Why is it so difficult to find a job .. any job .. with a funeral home?


Gaining a position in the industry requires the potential employee to present themselves as extremely adaptive, adept at mortuary sciences, as well as being highly tuned in people skills, and finally, the quality of their personal presentation.

A prospective employer would immediately 'sum you up' by looking at your shoes - are they freshly shined with no scuff marks? Are your fingernails and hands immaculate, with no nasties beneath your nails? Are you someone who chews your nails? (not a nice image when pointing out paragraphs in a contract). Are you clean-shaven, is your hair neatly trimmed and clean? DO you reek of smoke? Are your teeth clean, shiny, and intact? Do you present yourself as a lady or gentleman who is clearly adaptive in dealing with a wide, diverse clientèle? Is your use of your national language perfect? Or are you one of those people who repeatedly says 'you know, you know, etc., or asks where is the funeral going to be 'at'? All of these things can be an extreme turn-off to a prospective employer, regardless of what industry you're in.

Have you demonstrated verbally your sense of comfort in dealing with the more demanding aspects of such an industry - the dealing with cadavers which may have been found many weeks after they died? Or collecting someone who died as a result of fire, or someone who was a victim of drowning? Are you prepared to use a trocar to aspirate the body fluids from the cadaver? Are you prepared to use invasive movements to reach inside a body cavity, removing a pacemaker, or suturing a post mortem cadaver? Are you comfortable in cleaning up the explosive faeces which often happens with certain cadavers, all whilst treating the deceased with dignity, honour, and respect? Are you capable of properly dressing a body, to make them presentable in their coffin for a family's viewing? Are you capable of taking the sometimes necessary steps to embalm an infant with an aerosol procedure, never forgetting that it's a child loved by a family who are in mourning?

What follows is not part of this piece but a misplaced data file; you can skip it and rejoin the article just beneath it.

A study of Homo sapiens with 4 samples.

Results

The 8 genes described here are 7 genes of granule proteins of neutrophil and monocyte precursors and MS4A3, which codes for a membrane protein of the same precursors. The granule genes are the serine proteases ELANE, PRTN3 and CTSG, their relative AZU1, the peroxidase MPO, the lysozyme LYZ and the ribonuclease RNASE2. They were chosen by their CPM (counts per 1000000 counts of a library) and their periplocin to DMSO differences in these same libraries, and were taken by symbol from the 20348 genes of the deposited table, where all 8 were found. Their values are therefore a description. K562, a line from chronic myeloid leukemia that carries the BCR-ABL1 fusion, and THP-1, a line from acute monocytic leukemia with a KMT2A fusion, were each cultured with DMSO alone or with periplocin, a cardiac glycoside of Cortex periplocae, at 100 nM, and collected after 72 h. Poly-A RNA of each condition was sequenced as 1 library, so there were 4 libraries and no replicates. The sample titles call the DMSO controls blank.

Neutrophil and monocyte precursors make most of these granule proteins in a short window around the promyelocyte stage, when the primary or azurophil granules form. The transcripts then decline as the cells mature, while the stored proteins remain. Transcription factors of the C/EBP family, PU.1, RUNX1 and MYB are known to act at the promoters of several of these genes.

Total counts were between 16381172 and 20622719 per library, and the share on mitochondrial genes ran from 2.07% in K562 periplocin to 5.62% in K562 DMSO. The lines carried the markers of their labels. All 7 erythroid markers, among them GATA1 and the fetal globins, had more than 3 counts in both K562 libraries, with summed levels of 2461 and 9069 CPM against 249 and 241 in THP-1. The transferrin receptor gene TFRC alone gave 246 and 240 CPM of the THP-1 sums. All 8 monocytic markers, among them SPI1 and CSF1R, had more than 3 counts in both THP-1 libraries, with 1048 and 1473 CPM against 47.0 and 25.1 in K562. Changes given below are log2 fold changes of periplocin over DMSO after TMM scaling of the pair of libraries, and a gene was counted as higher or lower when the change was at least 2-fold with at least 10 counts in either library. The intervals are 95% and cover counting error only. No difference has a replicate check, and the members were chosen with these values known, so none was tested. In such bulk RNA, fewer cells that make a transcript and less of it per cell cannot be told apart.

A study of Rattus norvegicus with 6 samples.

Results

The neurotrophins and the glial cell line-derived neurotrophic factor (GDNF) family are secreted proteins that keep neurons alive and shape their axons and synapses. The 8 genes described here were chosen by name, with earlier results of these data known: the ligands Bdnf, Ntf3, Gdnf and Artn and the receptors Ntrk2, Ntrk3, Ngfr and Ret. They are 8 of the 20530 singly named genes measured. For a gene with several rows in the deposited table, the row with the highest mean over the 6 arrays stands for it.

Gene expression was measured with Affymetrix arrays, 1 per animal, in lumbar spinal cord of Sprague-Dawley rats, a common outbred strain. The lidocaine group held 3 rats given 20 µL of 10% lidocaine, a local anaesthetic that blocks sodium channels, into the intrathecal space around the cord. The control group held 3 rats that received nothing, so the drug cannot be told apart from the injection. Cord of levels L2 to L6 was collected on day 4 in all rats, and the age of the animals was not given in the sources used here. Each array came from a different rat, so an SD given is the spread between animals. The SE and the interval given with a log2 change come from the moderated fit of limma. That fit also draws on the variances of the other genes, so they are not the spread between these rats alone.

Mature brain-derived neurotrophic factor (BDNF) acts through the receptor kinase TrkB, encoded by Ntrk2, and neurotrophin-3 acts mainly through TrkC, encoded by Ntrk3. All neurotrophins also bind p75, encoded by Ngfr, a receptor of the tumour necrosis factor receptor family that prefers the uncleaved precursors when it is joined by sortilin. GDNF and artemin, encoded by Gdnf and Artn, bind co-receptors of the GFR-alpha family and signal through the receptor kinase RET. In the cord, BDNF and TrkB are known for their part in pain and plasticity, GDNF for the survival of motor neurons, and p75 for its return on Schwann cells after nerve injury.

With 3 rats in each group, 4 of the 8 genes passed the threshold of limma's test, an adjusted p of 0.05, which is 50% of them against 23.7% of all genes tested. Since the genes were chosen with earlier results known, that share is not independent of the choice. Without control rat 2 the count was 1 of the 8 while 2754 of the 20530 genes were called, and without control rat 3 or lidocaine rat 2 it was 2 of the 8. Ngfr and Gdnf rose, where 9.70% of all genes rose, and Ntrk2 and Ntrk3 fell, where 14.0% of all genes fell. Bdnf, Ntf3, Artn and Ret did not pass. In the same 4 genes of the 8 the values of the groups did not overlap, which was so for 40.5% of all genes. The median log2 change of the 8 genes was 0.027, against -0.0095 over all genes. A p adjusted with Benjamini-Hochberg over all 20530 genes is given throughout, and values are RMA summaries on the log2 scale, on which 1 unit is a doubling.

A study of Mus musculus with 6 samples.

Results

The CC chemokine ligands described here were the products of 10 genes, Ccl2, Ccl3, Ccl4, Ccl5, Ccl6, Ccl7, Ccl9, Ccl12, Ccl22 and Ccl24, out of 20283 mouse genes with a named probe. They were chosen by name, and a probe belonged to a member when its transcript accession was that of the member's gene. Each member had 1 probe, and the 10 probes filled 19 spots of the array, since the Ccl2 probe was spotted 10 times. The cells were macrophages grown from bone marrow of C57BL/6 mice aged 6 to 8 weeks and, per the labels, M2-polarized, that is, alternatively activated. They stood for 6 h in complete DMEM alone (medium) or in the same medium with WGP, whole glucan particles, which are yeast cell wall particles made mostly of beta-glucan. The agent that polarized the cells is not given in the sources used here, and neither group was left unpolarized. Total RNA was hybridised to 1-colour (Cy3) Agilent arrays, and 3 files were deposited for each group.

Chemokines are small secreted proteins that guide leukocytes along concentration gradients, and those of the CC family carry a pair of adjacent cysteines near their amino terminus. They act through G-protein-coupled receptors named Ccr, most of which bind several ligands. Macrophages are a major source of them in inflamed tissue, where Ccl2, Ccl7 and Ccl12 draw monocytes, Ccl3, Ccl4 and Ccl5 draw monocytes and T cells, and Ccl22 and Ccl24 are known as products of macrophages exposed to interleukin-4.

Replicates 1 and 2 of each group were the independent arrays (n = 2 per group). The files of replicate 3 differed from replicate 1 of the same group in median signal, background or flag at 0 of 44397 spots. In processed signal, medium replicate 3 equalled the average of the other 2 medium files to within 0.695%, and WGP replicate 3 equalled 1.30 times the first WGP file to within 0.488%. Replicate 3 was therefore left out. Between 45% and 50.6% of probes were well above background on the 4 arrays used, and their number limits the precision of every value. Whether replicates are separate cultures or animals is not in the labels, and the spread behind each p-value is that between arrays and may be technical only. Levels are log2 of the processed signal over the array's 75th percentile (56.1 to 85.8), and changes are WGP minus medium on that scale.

Are you 'happy' to clean, polish, and buff, every single day of your life, the vehicles used by the funeral director - including the vans, the hearses, and the limos? Do you have a full, clean, driving license, with no points on it. Have you any convictions for crimes of any sort? Have you any problems with Eczema or atopic dermatitis that a family could notice when dealing with you?

Have you any religious values which may prevent you from serving a cross-cultural, diverse number of religions with dignity and respect. Do you know the difference between a Hindu funeral, a Muslim funeral, a Catholic funeral, and a funeral for a Jehovah Witness?

Any of the above questions or scenarios will have been questions which ran through the mind of your prospective employer. The first three minutes of meeting someone are often what decide whether you're to be hired or not. Is your handshake firm, polite and you have eye contact? There's so much to consider.

If you believe you may be lacking in any of these skill sets, consider seeking assistance through an employment recruiter or your local state employment office, where short courses are offered on job interviews.

And finally, be prepared to answer why, specifically, you feel you're best suited for a career in the funeral industry!